So I’ve been taking a class called “Soil Basics” at the Chicago Botanic Garden. The instructor is Ellen Phillips, who has many years experience as a soil scientist in the US and overseas. (She’s an excellent teacher, and I recommend the class for those of you in the area.) As part of the class we each brought in a soil sample to be tested. My sample was from the raised flower bed along the path to the front door. I’ve often suspected that the soil in this bed is actually too rich, because plants tend to grow like gangbusters.
So here’s what I learned:
- This flower bed has one heck of a lot of organic matter: 14.7%. Usually 5% is considered pretty good. Guess all that compost and mulch didn’t go to waste. Actually, though, turns out that soils with too much organic matter can be hard to rehydrate once they are thoroughly dried out. I was given an explanation for this that completely baffled me. Fortunately that problem has not yet occurred in this bed. My plan is to continue mulching, but no more compost for you!
- The nutrient levels ranged from “Medium” (calcium) to “Very High” (phosphorous). It’s good to have enough nutrients, but too much of anything can cause runoff or even toxicity. Given the performance of plants in this bed, I don’t think anything is at a toxic level. I have read, however, that very high phosphorous can inhibit mycorrhizae (the critters that help roots absorb nutrients).
- The testing company recommended that I apply three pounds of nitrogen per 1,000 square feet, even though the test can’t measure nitrogen. Isn’t that odd? My instructor explained that this recommendation was based on research showing that in general, comparable soils in this area need this much nitrogen. Okay … if you say so, but I think I’ll pass on adding more nitrogen.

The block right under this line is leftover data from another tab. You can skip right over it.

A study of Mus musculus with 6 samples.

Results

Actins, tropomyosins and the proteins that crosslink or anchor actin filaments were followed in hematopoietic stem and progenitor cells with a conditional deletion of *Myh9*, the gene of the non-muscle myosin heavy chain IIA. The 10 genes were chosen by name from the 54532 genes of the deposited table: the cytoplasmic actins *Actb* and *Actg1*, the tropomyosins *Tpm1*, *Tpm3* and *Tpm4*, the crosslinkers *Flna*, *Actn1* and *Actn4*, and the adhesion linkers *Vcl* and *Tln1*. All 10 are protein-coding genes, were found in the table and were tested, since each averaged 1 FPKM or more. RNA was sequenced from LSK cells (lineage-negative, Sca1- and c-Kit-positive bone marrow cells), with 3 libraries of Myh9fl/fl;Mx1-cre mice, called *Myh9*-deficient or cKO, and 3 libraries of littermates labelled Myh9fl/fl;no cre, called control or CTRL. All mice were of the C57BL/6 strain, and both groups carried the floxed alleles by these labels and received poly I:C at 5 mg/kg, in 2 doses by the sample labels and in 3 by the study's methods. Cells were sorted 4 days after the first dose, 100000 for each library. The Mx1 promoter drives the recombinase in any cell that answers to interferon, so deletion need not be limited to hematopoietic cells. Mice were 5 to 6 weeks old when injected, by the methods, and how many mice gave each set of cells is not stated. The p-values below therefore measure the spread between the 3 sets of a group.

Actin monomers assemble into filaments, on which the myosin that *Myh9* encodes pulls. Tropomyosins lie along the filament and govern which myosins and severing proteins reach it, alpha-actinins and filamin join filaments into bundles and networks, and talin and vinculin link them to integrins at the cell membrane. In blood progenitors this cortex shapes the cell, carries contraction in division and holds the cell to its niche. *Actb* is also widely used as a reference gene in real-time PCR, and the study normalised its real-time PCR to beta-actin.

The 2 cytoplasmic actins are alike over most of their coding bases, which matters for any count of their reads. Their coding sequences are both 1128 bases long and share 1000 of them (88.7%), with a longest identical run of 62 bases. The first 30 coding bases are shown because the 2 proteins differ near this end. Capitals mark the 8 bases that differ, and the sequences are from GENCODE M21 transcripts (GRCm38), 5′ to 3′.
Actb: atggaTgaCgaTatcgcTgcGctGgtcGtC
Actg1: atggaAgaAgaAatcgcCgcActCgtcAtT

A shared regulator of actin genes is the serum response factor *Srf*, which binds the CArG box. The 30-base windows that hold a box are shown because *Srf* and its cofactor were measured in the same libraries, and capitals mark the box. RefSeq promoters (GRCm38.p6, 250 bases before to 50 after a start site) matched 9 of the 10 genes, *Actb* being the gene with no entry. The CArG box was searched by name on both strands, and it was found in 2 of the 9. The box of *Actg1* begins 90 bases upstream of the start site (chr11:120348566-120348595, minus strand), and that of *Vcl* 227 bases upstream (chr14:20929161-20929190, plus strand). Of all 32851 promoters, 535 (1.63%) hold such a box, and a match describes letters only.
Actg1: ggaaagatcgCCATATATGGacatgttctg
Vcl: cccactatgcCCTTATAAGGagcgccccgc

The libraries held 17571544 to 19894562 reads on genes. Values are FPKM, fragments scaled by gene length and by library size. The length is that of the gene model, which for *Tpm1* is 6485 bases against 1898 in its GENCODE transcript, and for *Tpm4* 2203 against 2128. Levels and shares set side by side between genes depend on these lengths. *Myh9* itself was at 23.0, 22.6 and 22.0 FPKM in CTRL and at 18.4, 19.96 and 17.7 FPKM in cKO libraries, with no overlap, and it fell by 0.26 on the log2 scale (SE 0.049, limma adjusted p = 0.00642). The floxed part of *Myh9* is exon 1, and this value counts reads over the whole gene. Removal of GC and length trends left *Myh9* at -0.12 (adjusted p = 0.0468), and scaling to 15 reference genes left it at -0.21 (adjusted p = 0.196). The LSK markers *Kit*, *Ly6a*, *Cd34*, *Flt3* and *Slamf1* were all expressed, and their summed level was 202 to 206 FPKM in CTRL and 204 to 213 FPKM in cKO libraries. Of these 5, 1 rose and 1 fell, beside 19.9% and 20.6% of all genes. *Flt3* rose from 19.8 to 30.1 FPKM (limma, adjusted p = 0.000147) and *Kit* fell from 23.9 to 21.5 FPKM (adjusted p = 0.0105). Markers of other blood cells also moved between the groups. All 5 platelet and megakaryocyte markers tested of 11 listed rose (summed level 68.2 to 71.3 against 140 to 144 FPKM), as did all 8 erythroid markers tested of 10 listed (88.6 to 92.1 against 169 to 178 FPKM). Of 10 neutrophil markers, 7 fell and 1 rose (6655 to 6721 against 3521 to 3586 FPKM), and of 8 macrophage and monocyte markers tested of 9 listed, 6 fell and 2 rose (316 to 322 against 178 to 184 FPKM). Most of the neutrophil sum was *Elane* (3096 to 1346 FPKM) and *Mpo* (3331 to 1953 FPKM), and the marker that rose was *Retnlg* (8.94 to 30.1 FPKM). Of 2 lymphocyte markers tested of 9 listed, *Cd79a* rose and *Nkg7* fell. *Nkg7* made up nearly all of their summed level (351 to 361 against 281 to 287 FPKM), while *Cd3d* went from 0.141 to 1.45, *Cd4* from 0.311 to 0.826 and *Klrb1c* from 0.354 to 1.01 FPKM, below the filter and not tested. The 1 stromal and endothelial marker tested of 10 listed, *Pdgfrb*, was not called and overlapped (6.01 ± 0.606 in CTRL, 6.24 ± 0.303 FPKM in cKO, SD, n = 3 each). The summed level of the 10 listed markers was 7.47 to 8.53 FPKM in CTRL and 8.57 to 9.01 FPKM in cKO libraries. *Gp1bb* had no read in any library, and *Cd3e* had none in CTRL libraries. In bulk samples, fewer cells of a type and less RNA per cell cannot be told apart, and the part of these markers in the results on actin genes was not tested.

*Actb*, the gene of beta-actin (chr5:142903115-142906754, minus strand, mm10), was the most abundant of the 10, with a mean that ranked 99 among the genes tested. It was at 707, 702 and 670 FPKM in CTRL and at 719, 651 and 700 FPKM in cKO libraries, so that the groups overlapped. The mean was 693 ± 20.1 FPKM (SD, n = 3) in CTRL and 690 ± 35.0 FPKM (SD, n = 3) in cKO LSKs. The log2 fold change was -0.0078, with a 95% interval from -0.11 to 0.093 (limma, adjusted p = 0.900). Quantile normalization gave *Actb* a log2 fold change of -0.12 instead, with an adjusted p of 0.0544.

- No big surprise, but my soil is alkaline, with a pH of 7.5. The testing company recommends that I till in 10 lb. of sulphur per 1,000 square feet. But why should I, since most of the plants I’ve tried in this bed are perfectly happy with the pH and everything else. Seems like tilling in sulphur could mess up my perennials, so again I’ll take a pass.
- The test indicated that the soil in this bed has a low cation exchange capacity (CEC). What is the CEC? Basically, it’s the ability to hold nutrients that take the form of positively charged ions. What is a positively charged ion? When you’re older you’ll understand. However, Ellen explained to me that the results of this test were probably skewed by the high level of organic matter, so not to worry.
What I conclude from this: Soil tests can be very useful, but don’t run off to the garden center to buy stuff based on the recommendations until you really understand what they mean.